NORTHFIELD, Minn. (WCCO) — The city of Northfield is in a state of emergency Saturday night after some of the highest water levels ever recorded along the Cannon River.
After nearly a week of rain and sandbagging, the community is still waiting for the river to crest as some businesses are forced to close doors.
The Cannon River is rushing so fast it has forced groundwater to come up through tiles in some of the businesses, although thankfully the actual river water has not overflowed into any businesses.
Business owners tell WCCO it is because they have been through this type of thing before and are becoming better at fighting back against Mother Nature.
“People don’t realize how fast it does come up. It’s scary fast,” said Froggy Bottoms River Pub owner Laurie Hoheisel.
Watching and waiting is about all Hoheisel can do.
“The rain started down south and everything south of us comes north on the Cannon, so we always watch the rain there. If it’s raining here it’s not an issue,” she said.
She has been through this before — in 2010 when the river reached historic high levels.
“This is my life, we’re going to protect it,” Hoheisel said.
She had five feet of water in the basement then.
“They call that the hundred year flood. They’re about 93 years off. Seven years later here we are,” she said.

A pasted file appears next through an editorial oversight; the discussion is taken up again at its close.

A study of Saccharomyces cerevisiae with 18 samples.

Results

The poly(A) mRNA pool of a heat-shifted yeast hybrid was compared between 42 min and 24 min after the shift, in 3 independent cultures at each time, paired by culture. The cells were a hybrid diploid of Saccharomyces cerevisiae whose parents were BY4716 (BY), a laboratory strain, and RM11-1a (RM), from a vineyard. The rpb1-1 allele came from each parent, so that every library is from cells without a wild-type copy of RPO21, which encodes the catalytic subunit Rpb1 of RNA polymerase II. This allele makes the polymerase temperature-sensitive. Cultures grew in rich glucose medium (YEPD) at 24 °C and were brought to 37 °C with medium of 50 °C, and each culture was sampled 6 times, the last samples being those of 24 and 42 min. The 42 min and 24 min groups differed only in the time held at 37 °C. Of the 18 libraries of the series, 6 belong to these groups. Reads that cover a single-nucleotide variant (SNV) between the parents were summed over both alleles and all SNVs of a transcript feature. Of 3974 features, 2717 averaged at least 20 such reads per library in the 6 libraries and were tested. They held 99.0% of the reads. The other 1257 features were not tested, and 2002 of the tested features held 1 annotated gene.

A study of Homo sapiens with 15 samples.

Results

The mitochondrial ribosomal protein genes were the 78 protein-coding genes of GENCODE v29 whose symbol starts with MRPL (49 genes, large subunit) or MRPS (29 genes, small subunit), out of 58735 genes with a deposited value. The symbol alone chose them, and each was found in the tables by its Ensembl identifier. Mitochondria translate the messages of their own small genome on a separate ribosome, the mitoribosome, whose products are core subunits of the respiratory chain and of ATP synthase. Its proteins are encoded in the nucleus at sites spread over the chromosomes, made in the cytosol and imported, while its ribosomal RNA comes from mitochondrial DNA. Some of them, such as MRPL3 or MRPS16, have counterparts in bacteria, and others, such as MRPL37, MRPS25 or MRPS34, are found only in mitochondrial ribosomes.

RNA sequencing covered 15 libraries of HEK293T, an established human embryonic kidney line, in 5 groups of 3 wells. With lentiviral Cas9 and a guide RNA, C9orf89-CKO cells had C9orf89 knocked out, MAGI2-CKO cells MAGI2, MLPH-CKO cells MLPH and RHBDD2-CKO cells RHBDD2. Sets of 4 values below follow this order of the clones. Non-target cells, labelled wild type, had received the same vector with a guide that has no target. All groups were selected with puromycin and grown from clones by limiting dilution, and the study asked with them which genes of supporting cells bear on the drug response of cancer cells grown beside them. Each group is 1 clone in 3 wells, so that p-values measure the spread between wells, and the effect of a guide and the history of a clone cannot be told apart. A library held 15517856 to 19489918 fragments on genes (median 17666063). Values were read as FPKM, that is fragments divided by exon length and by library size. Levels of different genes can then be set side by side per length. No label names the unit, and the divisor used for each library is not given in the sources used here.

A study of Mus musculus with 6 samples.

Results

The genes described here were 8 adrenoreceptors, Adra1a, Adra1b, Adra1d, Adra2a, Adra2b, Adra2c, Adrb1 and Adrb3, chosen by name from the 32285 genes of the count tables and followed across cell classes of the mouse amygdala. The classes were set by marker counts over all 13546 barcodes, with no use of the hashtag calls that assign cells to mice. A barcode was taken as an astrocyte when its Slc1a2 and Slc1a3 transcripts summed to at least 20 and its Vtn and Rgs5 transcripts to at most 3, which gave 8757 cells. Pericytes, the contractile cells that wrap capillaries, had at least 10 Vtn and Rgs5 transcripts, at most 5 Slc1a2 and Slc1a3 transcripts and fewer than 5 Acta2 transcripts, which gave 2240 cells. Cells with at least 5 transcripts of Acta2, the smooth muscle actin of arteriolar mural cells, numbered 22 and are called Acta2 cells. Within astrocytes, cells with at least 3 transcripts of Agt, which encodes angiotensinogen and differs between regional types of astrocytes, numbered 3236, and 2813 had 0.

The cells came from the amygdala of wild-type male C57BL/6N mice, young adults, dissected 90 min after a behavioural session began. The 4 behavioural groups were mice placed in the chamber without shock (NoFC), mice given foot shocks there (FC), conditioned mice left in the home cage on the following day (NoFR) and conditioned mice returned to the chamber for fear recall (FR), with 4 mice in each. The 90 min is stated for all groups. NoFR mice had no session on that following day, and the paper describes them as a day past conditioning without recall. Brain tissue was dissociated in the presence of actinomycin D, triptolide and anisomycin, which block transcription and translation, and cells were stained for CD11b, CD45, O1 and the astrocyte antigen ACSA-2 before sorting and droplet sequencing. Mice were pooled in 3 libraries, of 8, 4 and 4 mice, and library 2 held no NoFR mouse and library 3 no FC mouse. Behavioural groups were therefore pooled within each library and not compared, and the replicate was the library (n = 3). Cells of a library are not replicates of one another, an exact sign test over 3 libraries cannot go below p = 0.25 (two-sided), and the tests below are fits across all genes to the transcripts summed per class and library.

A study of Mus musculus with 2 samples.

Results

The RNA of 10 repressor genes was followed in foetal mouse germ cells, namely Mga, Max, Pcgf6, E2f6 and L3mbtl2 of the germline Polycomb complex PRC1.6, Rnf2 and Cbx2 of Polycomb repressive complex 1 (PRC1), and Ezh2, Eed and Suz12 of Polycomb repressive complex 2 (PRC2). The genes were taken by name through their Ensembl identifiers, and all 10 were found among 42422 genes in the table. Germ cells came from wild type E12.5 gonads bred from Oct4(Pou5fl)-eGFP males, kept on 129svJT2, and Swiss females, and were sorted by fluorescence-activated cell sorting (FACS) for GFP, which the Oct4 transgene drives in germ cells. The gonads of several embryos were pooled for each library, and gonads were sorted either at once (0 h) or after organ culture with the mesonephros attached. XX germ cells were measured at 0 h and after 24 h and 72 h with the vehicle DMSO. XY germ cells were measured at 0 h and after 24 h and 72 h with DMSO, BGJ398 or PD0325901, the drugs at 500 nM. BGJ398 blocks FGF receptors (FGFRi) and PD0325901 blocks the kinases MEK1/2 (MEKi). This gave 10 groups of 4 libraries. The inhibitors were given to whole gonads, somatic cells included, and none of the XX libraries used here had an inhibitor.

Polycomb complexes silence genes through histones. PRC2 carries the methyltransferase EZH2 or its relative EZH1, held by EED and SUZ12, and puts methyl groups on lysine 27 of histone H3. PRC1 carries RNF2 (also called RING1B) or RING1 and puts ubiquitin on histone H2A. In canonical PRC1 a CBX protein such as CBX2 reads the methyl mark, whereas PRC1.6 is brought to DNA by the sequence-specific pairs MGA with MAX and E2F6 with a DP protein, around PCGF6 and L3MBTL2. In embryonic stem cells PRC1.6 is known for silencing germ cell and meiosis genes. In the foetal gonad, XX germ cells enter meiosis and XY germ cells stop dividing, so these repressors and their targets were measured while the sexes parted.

But she was much better armed this time.
“We call this the battleship. Each panel weighs 150 pounds and there’s actually a railing on the other side,” she said.
“We are getting good at it. I hate to even say that because you don’t want to be good at something like this,” said Kurt Larson.
Larson’s printing shop has minimal damage this time around thanks to thousands of sandbags and years of trial and error.
Still, his business also remains closed until the river crests, losing time and money.
“First off I tell them if I cry I’m adding water so we’re not going to do that,” Hoheisel said.
Business owners prepared to fight for what they’ve worked so hard for — including their positive attitudes.
“Stuff like this brings out the best in 99 percent of the people in any community, and the support that you get from your fellow people in the city of Northfield, it’s overwhelming,” Larson said.
Businesses are not sure how much longer they will have to stay closed. It depends on when the river starts to recede again.
The mayor of Northfield said the city has been thinking of possible ways to raise shorter walls along the river, but they are hoping they won’t be seeing this type of water levels again for decades.